Outdoor adventure, cycling tours in Kazakhstan have great potential, says bicycle adventure club founder

ASTANA – Alexander Gabchenko has visited 34 countries, at least 200 cities and more than 150 unique destinations – many on two wheels. The founder of Almaty’s Bicycle Adventure Club sat down with The Astana Times to talk about cycling, cycling tours, the club he founded and outdoor culture in Kazakhstan.

Alexandr Gabchenko

“Kazakhstan is a very big country with vast expanses. There are a lot of scenic spots, sites, nature attractions which are convenient to visit by bicycle. Thus, there are a lot of routes that people love and a lot of people who cycle independently. Every region in the country possesses some natural attraction, nature reserves and parks where one can ride a bicycle and witness spectacular views,” he said.

“Almaty’s Bicycle Adventure Club organises expeditions that lasts from one day to two weeks. Cycling expeditions mainly run within Kazakhstan, but we also travel beyond. For example, this year we went to Mongolia and the Mongolian Altai. We also often travel to Kyrgyzstan.”

Gabchenko founded the club four years ago to teach people how to bike, camp, sleep in tents and do other adventure travelling essentials. “Currently, our activity is more advanced and we offer long bicycle tours to experience unique cycling trips that people cannot have in other conditions,” he shared.

Club adventures often involve travelling by bike with the help of car. This format is convenient for beginners because it saves them from carrying lots of clothes and other things, which can instead by transported by the car.

Gabchenko participated in the Burabike charity bicycle race in Burabai for the first time this year.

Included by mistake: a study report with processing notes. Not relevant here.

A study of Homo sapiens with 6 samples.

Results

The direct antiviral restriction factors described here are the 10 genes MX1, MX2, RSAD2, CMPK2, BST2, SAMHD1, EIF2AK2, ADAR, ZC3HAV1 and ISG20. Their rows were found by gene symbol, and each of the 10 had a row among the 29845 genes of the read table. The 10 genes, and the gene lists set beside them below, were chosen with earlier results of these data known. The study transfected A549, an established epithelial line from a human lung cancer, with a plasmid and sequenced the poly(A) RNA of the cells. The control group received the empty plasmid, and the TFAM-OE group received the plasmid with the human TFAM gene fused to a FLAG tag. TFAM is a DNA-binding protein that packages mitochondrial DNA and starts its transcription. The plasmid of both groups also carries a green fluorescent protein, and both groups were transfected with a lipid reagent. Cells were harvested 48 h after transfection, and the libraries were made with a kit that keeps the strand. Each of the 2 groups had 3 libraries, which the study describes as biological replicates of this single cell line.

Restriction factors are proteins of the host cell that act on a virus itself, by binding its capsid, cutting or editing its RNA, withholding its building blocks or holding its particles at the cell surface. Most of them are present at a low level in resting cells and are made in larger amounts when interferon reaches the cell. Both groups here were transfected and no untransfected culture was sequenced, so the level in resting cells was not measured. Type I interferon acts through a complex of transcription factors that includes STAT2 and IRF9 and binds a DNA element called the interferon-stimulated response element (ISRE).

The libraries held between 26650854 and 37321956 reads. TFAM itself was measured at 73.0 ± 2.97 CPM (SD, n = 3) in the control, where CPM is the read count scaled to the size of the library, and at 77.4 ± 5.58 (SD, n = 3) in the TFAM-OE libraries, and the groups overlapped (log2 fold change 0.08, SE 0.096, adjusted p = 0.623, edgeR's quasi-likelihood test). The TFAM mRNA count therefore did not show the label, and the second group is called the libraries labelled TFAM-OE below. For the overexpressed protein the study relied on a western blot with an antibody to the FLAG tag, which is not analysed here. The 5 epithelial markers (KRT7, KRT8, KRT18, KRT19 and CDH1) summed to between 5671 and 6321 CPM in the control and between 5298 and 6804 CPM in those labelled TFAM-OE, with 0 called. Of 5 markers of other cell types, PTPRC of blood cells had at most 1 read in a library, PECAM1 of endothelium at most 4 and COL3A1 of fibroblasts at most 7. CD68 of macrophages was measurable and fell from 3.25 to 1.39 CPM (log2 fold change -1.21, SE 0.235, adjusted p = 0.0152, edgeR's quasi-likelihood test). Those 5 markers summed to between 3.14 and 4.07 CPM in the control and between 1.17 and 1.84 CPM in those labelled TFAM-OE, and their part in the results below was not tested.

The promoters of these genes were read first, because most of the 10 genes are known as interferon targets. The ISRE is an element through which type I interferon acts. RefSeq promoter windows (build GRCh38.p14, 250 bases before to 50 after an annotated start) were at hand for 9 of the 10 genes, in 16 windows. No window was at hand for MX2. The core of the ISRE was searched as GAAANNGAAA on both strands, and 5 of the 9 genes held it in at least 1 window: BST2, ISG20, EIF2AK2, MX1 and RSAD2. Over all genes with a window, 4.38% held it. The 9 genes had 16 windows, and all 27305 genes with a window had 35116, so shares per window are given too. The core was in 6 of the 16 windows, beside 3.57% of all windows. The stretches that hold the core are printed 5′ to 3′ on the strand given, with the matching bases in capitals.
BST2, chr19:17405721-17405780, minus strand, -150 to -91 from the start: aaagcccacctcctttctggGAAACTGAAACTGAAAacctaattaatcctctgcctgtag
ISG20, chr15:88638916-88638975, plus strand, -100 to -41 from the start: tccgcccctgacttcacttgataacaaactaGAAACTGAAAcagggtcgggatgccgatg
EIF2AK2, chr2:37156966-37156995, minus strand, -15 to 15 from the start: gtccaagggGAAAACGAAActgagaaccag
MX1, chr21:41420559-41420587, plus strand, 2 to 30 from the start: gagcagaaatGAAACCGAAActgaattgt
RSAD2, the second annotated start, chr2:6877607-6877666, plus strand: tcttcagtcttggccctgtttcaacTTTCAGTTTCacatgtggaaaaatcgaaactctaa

“Burabike is the only charity bicycle race in Kazakhstan that aims not only to offer a bike ride, but also to raise funds in order to help various organisations and people with different life situations,” he said of the Aug. 30 race. “It is a very good idea and I really like it. I took part in Burabike for the first time this year, despite the fact that it is already six years old. The level of organisation is very good. The event gathered many participants, approximately 800 cyclists and around 1,500 to 2,000 guests. The funds raised from the auction and sales exhibition goes for a stated purpose; this year, money was transferred for medical equipment into a village clinic in the Karaganda region,” he said.

Gabchenko says interest in cycling is growing among both youth and adults in Kazakhstan.

“I cannot evaluate the children’s and young people’s interest in cycling, because their interest depends on adults. There are very few organisations that would be engaged in developing cycling among children and youth. One reason can be that bicycles aren’t cheap. As a little child it is easier to get a bicycle, while as one gets older, the price for a bicycle is significant. I would say there are few people who use a bicycle as a mean of transport among younger people,” he said.

“However, I think, this situation is changing. With infrastructure development and changing cultures in cities such as Astana and Almaty, I see a growing interest in cycling,” he added.

“Adults, those who earn money and are older than 21, have more opportunities to purchase a bicycle. The number of people who use a bicycle as a mean of transport – I mean, to travel from work to home and back, as well as for travelling – is growing.”

Gabchenko noted that Kazakhstan offers its residents huge potential to immerse themselves in outdoor culture, with activities from fishing trips to trail running close to hand.

Unique landscapes, mountains, lakes, rivers and seas are winning travelling options. Deserts are definitely spectacular, though they require endurance.

“Personally, I like mountains, I often go to the mountains in Kazakhstan and abroad,” Gabchenko revealed.

Though there is plenty on offer, a lack of information and financial constraints can keep Kazakh citizens from the outdoors.

“Some people do not have enough information sources,” Gabchenko said. “Some people are more concerned about their economic-financial base. Outdoor activities are for people who have a desire not only to grow financially but also spiritually.”